When I made the decision to take summer classes, it was a pragmatic one. I have to finish my studies within six years since I will need student loans and grants to do so. I expected during my first summer course to deepen my knowledge and understanding of the Gospel of Luke and The Acts of the Apostles. What I didn’t expect was what it would teach me about myself.
Going back to Sacred Heart University has been one hell of wild ride from the beginning. I still haven’t quite wrapped my head around the fact that one day my RA was in full-blown flare and the next, through the power of prayer and God’s grace, it was in remission and has remained so. I still haven’t quite wrapped my head around the fact that I was able to talk my way back into the school at all. But it happened. I excelled where my teenage self once failed so miserably. I earned my way off academic probation and onto the Dean’s List and even managed the somewhat dubious honor of being on both at once. So after being granted academic forgiveness and being freed from near impossible expectations, I should be celebrating and I did, for however brief a time.
I started my online course and that took some getting used to. I argue online all the time but I’m not used to doing it for actual points. But what really got to me was the midterm. The test was true/false and multiple choice, open books but very detailed. I had three days to complete it. I sat down and did it all in one five-hour marathon. I couldn’t stand having it hang over my head. Once complete, I submitted it and my grade was available instantly. 96. A 96?! That’s it?! What I did I miss? How did I miss those two questions? I spent another forty minutes looking up what I got wrong. Then I looked at my overall grade in the course: 94.32 and the feeling that welled up inside was a deep disappointment.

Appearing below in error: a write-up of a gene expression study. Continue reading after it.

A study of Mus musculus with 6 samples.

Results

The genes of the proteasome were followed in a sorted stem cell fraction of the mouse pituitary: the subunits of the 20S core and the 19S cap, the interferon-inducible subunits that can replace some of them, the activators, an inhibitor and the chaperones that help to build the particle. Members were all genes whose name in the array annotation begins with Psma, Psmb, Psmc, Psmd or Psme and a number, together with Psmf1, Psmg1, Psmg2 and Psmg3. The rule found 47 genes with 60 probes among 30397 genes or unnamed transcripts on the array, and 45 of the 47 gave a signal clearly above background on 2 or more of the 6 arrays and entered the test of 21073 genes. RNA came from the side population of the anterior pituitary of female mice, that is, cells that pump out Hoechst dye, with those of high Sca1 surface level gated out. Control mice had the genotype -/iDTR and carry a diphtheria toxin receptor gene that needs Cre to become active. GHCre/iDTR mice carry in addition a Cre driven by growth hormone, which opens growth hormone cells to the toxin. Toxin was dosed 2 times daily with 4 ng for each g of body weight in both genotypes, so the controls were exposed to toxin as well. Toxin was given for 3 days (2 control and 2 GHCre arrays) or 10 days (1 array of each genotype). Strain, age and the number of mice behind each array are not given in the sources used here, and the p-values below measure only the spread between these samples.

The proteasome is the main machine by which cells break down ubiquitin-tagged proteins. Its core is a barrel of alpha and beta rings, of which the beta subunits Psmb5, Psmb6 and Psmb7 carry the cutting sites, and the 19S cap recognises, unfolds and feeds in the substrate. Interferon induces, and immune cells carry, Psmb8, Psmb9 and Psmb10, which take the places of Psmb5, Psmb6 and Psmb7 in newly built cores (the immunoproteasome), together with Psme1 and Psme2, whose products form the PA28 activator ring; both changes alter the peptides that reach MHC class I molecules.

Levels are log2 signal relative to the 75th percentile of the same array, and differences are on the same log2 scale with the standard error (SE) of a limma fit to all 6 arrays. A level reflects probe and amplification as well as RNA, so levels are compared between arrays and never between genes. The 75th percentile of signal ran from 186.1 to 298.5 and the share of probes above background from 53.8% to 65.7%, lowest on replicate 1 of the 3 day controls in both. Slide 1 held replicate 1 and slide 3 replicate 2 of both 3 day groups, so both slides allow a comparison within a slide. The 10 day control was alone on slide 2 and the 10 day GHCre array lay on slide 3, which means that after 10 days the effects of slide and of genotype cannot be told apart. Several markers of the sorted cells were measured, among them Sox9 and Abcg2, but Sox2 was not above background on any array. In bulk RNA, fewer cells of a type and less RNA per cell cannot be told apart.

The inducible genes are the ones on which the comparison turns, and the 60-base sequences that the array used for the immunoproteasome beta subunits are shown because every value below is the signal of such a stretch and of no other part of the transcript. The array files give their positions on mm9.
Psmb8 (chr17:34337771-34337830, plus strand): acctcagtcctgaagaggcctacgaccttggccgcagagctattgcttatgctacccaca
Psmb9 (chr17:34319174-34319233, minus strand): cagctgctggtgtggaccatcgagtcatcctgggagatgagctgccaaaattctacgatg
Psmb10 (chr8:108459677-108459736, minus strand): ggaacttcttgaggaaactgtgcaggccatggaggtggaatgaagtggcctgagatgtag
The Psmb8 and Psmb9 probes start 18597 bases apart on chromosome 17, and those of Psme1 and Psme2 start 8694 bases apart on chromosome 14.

I have an A in a difficult, super-compressed summer course at a university that wasn’t even going to let me back in and all that after a chronic illness that had stripped away so much of my life miraculously went into remission and the feeling I have is disappointment? Yeah, something is seriously wrong with that picture. I recognized it immediately. Well almost immediately. “Immediately” being defined as the moment in which I put down the three books and the lecture notes I had frantically read through to see what I got wrong. Upon realizing that this was not okay, my initial reaction was to crack jokes, always my best defense. So I posted on Twitter:
If you score a 96 on a difficult midterm & are disappointed, you’re:
B) honor student
C) taught by nuns
D) all of the above
Ha ha ha – yeah it’s not funny. It’s sad. When I first went back to Sacred Heart, there was a legitimate use for my perfectionist tendencies. Nothing less than perfect was going to cut it. But that’s no longer the case. I’m free to do reasonably well without any external demand for perfection and yet I’m still pushing myself for it. Why?
I’ve been asking myself that for a week. It’s been an emotional week for the nation and for me. But time waits for no one and I took two more quizzes this week. I posted my arguments and should be writing a paper as I type this. My quiz grades were perfect and my overall grade is now 95.43. I had told myself I would be happy with a 95. Now that I have it, I want a 98. Why?
How good is good enough? And why can’t I accept that what I’ve done is good enough? I don’t know. But I know where to start.
My name is Christine Pelfrey and I am a perfectionist.